SAS saddle up for bumper auctions


By Howard Smith

12 May 2020

Online auction houses are experiencing a surge in interest as many 'over the counter' retailers remain closed or offer reduced services around the country.

The Covid-19 pandemic appears to be creating a divide in the way modellers are making purchases. Retailers with a greater online presence are experiencing an upturn as modellers make more purchases from their homes and social distancing measures remain in place. Specialist auction houses are experiencing the same upturn, though not without added complications brought about by social distancing measures.

Hugo Marsh, a Director at Special Auction Services (SAS) whose speciality is toys, trains, figures, cameras, photographs and ephemera explained "When this crisis hit, we had four or five sales in the pipeline, which we postponed. For the sake of our vendors, we were concerned that with fairs and swapmeets cancelled, sale results might drop off. However, I remember when I started in this business nearly 40 years ago, bomb scares and snowdrifts used to drive up prices, and clearly the same is true today. Everyone I have been talking to says that online trade has been incredible and in several areas dealers are getting low on stock."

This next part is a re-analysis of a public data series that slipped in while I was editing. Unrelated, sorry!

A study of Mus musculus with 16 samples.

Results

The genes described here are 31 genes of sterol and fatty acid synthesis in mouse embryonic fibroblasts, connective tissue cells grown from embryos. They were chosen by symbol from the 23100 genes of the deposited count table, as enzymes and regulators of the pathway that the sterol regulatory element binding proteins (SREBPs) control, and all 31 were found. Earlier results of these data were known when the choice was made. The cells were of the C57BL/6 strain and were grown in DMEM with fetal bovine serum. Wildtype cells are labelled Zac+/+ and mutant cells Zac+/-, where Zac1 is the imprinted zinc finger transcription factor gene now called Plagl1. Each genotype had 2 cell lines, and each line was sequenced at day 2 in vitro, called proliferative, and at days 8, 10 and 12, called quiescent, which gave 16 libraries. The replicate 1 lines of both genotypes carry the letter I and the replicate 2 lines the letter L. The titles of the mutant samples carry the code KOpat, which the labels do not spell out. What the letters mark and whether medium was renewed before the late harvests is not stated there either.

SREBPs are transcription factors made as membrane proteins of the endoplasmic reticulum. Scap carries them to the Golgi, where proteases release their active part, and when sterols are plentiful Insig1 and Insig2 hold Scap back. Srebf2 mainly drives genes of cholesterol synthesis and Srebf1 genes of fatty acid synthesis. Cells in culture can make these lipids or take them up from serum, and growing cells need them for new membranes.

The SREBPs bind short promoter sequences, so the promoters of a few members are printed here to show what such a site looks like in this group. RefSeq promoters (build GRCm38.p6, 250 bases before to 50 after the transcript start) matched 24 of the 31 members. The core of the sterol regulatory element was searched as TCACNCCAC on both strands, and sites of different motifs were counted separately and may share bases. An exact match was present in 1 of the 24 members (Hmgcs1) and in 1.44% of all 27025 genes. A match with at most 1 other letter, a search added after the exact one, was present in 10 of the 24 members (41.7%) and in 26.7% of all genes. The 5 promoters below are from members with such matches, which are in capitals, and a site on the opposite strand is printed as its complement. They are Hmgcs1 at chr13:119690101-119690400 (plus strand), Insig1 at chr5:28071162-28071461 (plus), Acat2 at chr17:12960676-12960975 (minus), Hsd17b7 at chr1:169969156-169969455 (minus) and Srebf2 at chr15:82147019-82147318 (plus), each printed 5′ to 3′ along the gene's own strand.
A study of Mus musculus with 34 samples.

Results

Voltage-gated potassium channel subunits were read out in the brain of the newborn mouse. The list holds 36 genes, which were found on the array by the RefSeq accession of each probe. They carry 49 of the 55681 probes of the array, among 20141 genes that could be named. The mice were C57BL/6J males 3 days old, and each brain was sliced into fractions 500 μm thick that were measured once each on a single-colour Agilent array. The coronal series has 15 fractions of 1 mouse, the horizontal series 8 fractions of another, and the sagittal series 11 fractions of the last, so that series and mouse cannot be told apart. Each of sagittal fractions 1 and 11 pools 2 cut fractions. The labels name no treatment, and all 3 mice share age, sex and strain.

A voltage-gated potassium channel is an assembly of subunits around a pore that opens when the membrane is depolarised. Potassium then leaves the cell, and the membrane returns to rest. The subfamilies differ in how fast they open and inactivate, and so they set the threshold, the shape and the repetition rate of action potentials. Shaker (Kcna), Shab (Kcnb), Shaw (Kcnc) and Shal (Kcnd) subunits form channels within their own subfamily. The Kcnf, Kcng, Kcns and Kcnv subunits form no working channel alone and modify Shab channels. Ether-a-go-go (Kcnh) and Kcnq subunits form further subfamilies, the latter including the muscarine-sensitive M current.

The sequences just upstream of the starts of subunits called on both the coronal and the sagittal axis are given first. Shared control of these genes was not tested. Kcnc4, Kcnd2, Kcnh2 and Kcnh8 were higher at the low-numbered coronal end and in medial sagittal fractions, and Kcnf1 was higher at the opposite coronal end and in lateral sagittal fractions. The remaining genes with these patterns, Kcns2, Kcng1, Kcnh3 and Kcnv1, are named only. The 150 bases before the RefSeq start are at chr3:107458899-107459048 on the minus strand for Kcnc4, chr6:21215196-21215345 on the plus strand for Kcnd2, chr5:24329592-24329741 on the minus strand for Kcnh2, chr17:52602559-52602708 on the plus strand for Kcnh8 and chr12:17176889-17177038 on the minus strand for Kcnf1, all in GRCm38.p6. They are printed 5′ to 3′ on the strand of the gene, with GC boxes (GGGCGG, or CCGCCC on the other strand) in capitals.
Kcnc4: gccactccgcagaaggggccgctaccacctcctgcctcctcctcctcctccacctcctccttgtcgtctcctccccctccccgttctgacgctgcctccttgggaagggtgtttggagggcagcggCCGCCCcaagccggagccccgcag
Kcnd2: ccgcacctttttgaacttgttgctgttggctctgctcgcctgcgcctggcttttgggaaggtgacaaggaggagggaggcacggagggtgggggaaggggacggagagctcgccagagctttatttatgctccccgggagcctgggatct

SAS is now holding live online auctions only, using its platform and the-saleroom.com. It is to hold a sale of nearly 300 lots of OO gauge and smaller scales on May 28 and a large sale on June 30 and July 1, combining the old-school Roy Chambers collection, Glorious Trains and its Hornby Centenary Sale in what is expected to create more than 1,000 lots.

5in gauge 0-4-2T 48XX

A 5in gauge live steam coal-fired GWR 48xx Class 0-4-2 Tank Locomotive, built by Mr. J. Roberts to the Neville Evans design, expected to reach £4000-5000.

"We are being very strict on the number of people we allow in our building and we are open from 10.00 to 13.00 every day, weekends included," continued Hugo. "Viewing and collection of lots will be strictly by appointment on a rota basis."

So, has the epidemic changed the landscape for the specialist auction industry long term? Hugo Marsh explains "When – one day – things get back to relative normality, I expect to be welcoming crowds back in. As an example, Christie’s started the annual Trains Galore sale in 1986, and I took over in 1989 and have been involved in most of them since. It has always been a social event – in the old days the gentlemen came to the Christie’s sale and the ladies went off to Harrods to spend their money. Little has changed, except some wrinkles and DIY shops around SAS instead of Harrods! Everyone is pleased to meet, chat and compete in a friendly way. The parameters of what people buy are much the same – just more so."

For details of upcoming auctions, visit the SAS website.